On Father's Day, whom do we celebrate?
If you are President Obama issuing a Father's Day proclamation, the answer is: fathers, stepfathers, grandfathers, two dads and my personal favorite, the totally genderless "caring guardians." When it comes to children, so many voices seem to be saying, there's nothing special to celebrate about the father.
And, after all, didn't the prestigious journal Pediatrics just publish a study showing that lesbian moms are better parents? Fathers don't seem to matter anymore.
Well, if that's what the science says, maybe we have to face the fact: Men, this is your get out of family free card.
For if it is true that fathers don't matter in particular, that the body is irrelevant, that what counts is adults' desire to form families, not children's longing for a mother and a father -- then for how long can we continue to hold men accountable for children created from passing sexual acts? Why are these guys deadbeat dads? Why aren't they just part of the great national trend toward family diversity?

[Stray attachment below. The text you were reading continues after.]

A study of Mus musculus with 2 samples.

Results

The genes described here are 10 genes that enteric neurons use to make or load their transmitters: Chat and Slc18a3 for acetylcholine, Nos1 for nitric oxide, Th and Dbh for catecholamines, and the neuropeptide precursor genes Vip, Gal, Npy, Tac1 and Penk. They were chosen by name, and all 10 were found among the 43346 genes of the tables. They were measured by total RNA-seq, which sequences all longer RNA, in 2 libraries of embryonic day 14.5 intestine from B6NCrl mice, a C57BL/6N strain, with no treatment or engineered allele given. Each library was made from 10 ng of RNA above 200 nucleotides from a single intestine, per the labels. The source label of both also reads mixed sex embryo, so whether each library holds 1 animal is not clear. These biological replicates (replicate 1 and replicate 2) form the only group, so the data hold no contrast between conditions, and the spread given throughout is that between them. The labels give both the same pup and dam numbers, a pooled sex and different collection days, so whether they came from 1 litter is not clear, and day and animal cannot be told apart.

But in fact, the science on gay parenting is far less definitive than the media is reporting, especially given the breadth of evidence that children do best raised by married mothers and fathers.
Take the Pediatrics study.
Here's what this study didn't do: It didn't look at how the average child raised by two mothers fares. This is a volunteer sample, not a random sample of lesbian mothers. That in itself makes it difficult to say how typical these women are of lesbian mothers generally. (The 93 percent retention rate of original participants, amazing after a decade or more, also suggests this is an unusually motivated set of mothers). If you want to know how children fare on average in different family forms, you need a probability sample, not a self-selected sample.
Here's another thing this study did not do: It did not study a comparison group. The reports of the mothers on their children's outcomes were compared statistically to children in a database known as the Achenbach normative sample of American youth. This is a system designed primarily for "screening" to identify children in possible need of interventions and evaluation, not to settle family structure questions. The sample included children in a wide variety of family structures, making the study's relevance to the marriage debate particularly unclear.
Maggie Gallagher is a nationally syndicated columnist, a leading voice in the new marriage movement and co-author of The Case for Marriage: Why Married People Are Happier, Healthier, and Better Off Financially.